You can leave control of your money or your house to anyone you choose after your death, and as of today, you can also leave someone in charge of your Facebook account. The social network now allows you to name a digital heir of sorts, a legacy contact. NPR's Laura Sydell reports.

LAURA SYDELL, BYLINE: When Kelly Scarborough's (ph) grandfather was ill, he set up a Facebook account.

KELLY SCARBOROUGH: He wasn't on it a lot, but we wrote on his wall and, you know, added pictures.

SYDELL: When Scarborough's grandfather finally passed away...

SCARBOROUGH: My grandma went through his computers. She tried every password she knew he had, and she couldn't get on it.

SYDELL: This meant that they couldn't put some kind of official family announcement on the page when Scarborough's grandfather finally passed. She says the whole family found it distressing.

SCARBOROUGH: I think it would be nice to sort of freeze his page, I guess, and maybe just leave, like, a space somewhere on there for people to write, like, a memorial or whatever, and I love you and I miss you.

SYDELL: Kelly Scarborough, Facebook says it hears you.

VANESSA CALLISON-BURCH: Talking to people helped us understand that there's more that we can do to support people who are grieving.

SYDELL: Vanessa Callison-Burch is the project manager overseeing a new legacy feature on Facebook. While you're alive you can appoint someone to be your legacy contact. That person can make certain changes to the account.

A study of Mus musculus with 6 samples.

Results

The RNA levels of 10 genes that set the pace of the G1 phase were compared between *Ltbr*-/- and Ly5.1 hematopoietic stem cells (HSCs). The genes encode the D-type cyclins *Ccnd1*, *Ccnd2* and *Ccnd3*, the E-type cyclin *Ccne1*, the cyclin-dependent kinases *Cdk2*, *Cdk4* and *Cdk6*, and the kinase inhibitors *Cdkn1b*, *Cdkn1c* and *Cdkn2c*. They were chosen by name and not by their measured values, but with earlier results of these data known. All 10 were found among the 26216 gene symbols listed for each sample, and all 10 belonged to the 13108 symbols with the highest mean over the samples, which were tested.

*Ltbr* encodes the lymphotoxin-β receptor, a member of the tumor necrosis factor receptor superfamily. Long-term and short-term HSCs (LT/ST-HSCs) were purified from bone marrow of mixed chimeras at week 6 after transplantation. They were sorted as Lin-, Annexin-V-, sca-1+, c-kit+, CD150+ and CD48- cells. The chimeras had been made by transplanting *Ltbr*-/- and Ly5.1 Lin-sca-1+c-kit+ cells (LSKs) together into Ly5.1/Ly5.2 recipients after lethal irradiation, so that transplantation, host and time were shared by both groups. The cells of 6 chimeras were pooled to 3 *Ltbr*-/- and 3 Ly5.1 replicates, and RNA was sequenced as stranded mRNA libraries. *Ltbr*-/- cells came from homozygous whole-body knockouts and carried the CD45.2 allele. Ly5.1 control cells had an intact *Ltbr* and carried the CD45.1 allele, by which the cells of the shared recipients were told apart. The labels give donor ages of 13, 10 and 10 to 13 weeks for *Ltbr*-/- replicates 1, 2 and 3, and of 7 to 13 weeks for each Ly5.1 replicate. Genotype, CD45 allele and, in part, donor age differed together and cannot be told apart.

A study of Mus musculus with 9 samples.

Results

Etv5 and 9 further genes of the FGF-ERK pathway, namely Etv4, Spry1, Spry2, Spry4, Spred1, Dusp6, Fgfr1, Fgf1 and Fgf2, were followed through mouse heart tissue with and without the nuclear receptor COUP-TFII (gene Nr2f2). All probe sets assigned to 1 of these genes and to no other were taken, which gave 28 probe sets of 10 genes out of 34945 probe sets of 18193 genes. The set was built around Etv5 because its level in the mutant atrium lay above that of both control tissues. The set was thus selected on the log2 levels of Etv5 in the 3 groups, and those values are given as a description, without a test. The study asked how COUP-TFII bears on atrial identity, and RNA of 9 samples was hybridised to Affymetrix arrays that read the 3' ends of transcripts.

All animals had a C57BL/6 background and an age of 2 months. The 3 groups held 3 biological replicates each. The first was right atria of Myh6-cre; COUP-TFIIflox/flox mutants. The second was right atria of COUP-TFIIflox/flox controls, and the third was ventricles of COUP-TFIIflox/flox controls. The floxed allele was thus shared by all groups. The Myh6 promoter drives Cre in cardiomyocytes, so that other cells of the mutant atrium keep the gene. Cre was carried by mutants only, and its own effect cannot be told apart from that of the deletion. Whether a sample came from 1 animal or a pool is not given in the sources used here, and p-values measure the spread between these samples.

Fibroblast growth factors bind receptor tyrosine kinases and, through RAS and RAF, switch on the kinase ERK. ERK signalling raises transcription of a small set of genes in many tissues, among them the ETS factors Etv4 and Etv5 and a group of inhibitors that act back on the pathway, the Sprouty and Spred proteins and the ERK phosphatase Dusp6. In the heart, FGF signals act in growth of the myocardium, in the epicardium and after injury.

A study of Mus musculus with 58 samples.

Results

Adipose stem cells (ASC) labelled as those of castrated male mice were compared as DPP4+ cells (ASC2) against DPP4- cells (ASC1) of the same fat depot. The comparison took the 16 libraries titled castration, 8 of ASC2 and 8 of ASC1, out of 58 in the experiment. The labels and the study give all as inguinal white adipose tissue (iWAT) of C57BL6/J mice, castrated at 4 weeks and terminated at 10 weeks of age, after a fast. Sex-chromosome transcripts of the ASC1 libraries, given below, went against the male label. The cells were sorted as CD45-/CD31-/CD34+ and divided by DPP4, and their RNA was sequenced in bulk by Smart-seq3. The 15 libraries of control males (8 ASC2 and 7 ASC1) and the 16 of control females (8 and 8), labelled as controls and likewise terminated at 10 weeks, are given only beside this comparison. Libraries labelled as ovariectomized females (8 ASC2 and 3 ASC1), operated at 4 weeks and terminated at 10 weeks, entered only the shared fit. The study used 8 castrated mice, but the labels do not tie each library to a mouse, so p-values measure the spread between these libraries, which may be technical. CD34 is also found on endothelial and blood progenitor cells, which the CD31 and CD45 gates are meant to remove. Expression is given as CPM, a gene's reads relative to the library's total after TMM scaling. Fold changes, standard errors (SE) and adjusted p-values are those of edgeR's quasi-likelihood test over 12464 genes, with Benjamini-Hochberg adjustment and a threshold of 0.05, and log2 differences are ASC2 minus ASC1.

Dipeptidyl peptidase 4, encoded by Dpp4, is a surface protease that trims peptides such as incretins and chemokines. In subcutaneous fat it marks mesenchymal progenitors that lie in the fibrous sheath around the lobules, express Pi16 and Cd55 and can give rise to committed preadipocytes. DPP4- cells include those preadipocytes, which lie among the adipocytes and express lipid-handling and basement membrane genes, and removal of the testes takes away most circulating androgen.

CALLISON-BURCH: They'll be able to write a post that's pinned to the top of your timeline, for example, to share memorial service information or perhaps a special message.

SYDELL: The legacy contact will also be able to respond to a friend request and update the cover photo. There are things that a legacy contact cannot do.

CALLISON-BURCH: The legacy contact doesn't log in as the person or curate their past content or new content.

SYDELL: Kristin Simmons, (ph) who lost her sister back in 2007, says her family is glad there's a way to keep Facebook content up and that there still will be.

KRISTIN SIMMONS: To this day, we don't want it taken down. We all still visit it and look back at pictures and posts.

SYDELL: Simmons says it would've been nice if her sister had designated a legacy contact to have a little more control over the page. If you don't want to leave the bits and pieces of your Facebook life online after you go, Facebook says you can choose to have it deleted entirely when you die. Laura Sydell, NPR News. Transcript provided by NPR, Copyright NPR.

Laura Sydell fell in love with the intimate storytelling qualities of radio, which combined her passion for theatre and writing with her addiction to news. Over her career she has covered politics, arts, media, religion, and entrepreneurship. Currently Sydell is the Digital Culture Correspondent for NPR's All Things Considered, Morning Edition, Weekend Edition, and NPR.org.